This is an op-ed about Iraq, about Dick Cheney and about what could be a psychological pathology that leads right wingers to keep the USA in Iraq, causing the waste of trillions of dollars and tragedy for millions of families.
But first, a bit of lexical digression. I'm a gigundous quotation addict. If a book lover is a bibliomaniac (I'm on of those too) then I'm a quotatiomaniac.
Pardon me while indulge my mania. Samuel Johnson, author of one of the first widely used English dictionaries, which illustrated almost every word with a quotation, said, in his dictionary's preface, "Every quotation contributes something to the stability or enlargement of the language."
Jean Rostand said, "Certain brief sentences are peerless in their ability to give one the feeling that nothing remains to be said."
Some quotations have power. To use them is to tap the intensity, the authority, or the infamy of the author. And thus it is that we can take just a few otherwise insignificant words and wield them with extraordinary power, irony and poignance.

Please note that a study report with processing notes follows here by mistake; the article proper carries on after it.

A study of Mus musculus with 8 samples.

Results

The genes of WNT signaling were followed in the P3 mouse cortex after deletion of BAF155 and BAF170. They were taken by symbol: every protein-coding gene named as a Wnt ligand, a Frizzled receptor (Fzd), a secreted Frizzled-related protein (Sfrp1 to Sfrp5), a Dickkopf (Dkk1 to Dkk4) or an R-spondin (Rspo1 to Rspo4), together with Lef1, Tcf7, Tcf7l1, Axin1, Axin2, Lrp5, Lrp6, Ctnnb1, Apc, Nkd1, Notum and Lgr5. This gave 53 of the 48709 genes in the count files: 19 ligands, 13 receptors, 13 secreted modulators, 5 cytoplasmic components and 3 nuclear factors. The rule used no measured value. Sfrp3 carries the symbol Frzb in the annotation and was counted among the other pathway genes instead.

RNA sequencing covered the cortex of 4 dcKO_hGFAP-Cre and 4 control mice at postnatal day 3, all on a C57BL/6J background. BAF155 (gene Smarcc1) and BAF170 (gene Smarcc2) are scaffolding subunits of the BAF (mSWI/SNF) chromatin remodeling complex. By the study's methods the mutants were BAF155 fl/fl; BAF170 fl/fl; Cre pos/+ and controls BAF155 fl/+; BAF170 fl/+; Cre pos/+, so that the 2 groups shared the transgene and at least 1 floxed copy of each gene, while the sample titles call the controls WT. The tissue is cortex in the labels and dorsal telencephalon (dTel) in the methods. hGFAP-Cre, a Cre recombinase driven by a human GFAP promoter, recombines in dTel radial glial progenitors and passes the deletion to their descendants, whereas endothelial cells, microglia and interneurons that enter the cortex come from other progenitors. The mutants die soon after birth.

There. Now that's a quote worthy of a quotation collection. Have I risen to the quotational challenge? History will tell.
But finally, let's discuss the word that titles this op-ed. "So?"
That one word response, the one word uttered as a question, clearly indicates an attitude of indifference. When you say something to me and I say, "So"," I'm telling you that whatever it is you are expressing concern about, it's no big deal, nothing to worry about, not something I care about, or think there is anything necessary to do about it.
It's too short and too commonly used a word to google it alone, but "So what?" is a "longer" version of the same message.
so, what if,
so what metallica,
I see the "so what" suggestion that drops down from the google search field and my mind expands it to "so what the f*ck."